Adams told Hume of ‘worry’ IRA would assassinate Thatcher

State Papers: British feared IRA could continue campaign of violence indefinitely

SDLP leader John Hume and Sinn Féin president Gerry Adams in Belfast in 1998. Photograph: Frank Miller

SDLP leader John Hume and Sinn Féin president Gerry Adams in Belfast in 1998. Photograph: Frank Miller


In a memo, stamped “secret”, diplomat Dermot Gallagher, who went on to become the secretary-general of the Department of Foreign Affairs, briefed then taoiseach Charlie Haughey about a telephone conversation with Hume in September 1990.

Gallagher, who was involved with early peace efforts in the department’s Anglo-Irish division, said the then SDLP leader Hume had met Adams the previous week at the request of the then Sinn Féin president.

Adams told Hume he was “pleased” by remarks he made during a recent a summer school speech in which Hume did not “dismiss” the IRA “as mindless, as criminals, as gangsters”, but, while disagreeing forcefully with their methods, accepted that they “actually believe in what they are doing”.

Hume told Adams that his speech prompted a letter to him from then British ambassador to Dublin Nicholas Fenn in which the British diplomat “agreed that it was nonsense to suppose that the British presence in Northern Ireland is due to the defence of economic or strategic interests”.

The SDLP leader suggested to Adams that the then secretary of state for Northern Ireland Peter Brooke was preparing to make similar remarks about Britain having no economic or strategic interest in the North as part of confidence-building measures towards peace talks.

But, he said, the IRA murder weeks beforehand on July 30th of Ian Gow, a Conservative MP, had made that difficult.

Gow, a strident unionist, was blown up by an IRA bomb placed under his car at his home in East Sussex because of his personal closeness to British prime minister Thatcher and his sway over British policy on Ireland.

“In relation to the Gow death, Adams rather oddly said that he was worried that ‘they will kill Thatcher’,” Hume told Gallagher, according to the memo, just released into the National Archives under the 30-year rule.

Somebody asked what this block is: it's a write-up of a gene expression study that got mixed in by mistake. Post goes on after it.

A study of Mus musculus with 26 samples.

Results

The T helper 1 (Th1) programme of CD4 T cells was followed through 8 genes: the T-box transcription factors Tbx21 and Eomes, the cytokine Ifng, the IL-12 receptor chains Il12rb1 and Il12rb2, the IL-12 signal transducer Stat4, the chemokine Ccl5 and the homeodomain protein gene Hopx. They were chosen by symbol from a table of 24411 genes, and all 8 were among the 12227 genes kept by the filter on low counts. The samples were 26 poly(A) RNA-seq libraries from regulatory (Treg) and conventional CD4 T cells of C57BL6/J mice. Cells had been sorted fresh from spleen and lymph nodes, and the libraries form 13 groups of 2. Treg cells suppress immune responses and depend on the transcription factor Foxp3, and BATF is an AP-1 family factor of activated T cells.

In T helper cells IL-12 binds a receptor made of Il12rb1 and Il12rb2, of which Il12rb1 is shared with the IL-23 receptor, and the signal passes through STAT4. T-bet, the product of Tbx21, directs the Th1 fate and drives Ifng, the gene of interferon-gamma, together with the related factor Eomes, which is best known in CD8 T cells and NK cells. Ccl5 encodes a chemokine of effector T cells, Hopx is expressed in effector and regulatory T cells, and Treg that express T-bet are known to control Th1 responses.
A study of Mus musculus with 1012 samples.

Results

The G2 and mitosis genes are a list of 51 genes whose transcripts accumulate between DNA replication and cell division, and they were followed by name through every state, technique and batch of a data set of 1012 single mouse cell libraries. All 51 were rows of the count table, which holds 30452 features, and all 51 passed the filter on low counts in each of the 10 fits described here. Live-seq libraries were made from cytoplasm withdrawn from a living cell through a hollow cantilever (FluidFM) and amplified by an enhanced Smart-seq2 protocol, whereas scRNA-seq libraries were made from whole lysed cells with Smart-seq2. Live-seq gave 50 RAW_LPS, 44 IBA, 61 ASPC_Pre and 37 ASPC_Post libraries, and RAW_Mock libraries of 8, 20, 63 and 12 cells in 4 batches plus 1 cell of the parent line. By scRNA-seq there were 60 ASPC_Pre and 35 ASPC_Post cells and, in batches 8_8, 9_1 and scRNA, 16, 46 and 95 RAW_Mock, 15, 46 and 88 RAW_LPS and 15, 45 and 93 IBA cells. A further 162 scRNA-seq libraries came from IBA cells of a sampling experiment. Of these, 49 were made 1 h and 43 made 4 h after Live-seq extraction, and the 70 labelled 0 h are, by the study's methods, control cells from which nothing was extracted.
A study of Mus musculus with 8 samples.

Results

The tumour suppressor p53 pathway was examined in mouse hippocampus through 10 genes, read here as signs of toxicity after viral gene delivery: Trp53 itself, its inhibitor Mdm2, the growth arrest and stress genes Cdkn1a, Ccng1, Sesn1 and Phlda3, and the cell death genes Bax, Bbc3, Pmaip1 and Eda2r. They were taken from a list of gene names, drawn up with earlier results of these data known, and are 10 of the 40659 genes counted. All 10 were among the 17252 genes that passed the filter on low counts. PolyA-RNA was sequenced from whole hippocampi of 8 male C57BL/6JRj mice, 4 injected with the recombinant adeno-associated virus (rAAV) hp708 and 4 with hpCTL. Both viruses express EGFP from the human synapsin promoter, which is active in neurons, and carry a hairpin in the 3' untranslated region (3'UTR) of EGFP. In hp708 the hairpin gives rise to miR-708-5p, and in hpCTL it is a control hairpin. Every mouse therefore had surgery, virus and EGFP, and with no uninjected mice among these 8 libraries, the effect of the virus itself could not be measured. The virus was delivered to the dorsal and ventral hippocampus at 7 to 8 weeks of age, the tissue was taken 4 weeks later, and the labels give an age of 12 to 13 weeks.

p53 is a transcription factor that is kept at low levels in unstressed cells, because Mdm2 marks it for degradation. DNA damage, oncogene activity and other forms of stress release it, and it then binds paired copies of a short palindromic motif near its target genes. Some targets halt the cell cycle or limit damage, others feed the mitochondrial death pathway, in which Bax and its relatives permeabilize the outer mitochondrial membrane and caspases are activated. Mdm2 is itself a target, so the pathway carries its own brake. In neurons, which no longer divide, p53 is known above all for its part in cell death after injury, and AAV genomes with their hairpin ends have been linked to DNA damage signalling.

The pair had a long discussion during which Hume argued for the IRA to “lay down their arms” in return for an all-island conference of all political parties, including Sinn Féin, but which unionists would presumably not attend.

The forum would allow all nationalist parties to “work out a common plan/strategy” on seeking to convince unionists of the value of a united Ireland.

According to the memo, Adams “seemed interested” and asked for a private paper on the proposal which he “would then put to the IRA”.

But Hume said Adams left him with the “strong impression that he was genuinely worried that” that if peace efforts were successful and “underpinned by joint North-South referenda, as Hume has suggested, this could undermine Provo legitimacy and credibility.”

“However, Adams felt overall that the talks were unlikely to lead anywhere,” the note added.

‘Deep British anxiety’

In a separate Government file about Anglo-Irish contacts and a briefing to Dublin by then permanent under-secretary to the Northern Ireland Office John Chilcott, Irish diplomat Brendan McMahon warned of “deep British anxiety” about the IRA’s capacity to escalate its campaign of violence at the time.

“The British clearly take the view that the Provisionals can continue their campaign of violence indefinitely at the present, or even at an increased levels,” he wrote in the memo to the taoiseach.

“This has horrendous implications for their security forces and also for the protection of public persons in Britain.”

McMahon said Tory MP and then leader of the House of Commons John MacGregor had “privately emphasised”during a meeting in London how “shaken the Conservative Party had been – and still is – by Ian Gow’s murder”.

The Royal Ulster Constabulary chief constable at the time, Hugh Annesley, had told a meeting of the Anglo-Irish secretariat that “5,000 troops could be swallowed up in any one area of the Border”.

McMahon said, from his contacts, that he suspected the British also realised the IRA could “bring down any new political structures in the North which exclude them”.

In another note about a contact with Hume, the SDLP leader told the Irish government that Brooke had promised to consider his suggestion that Chilcott visit him at his holiday house in Co Donegal, and that Hume would arrange for Adams and Martin McGuinness to call while he was there. (Records 2020/17/17 and 2020/17/10.)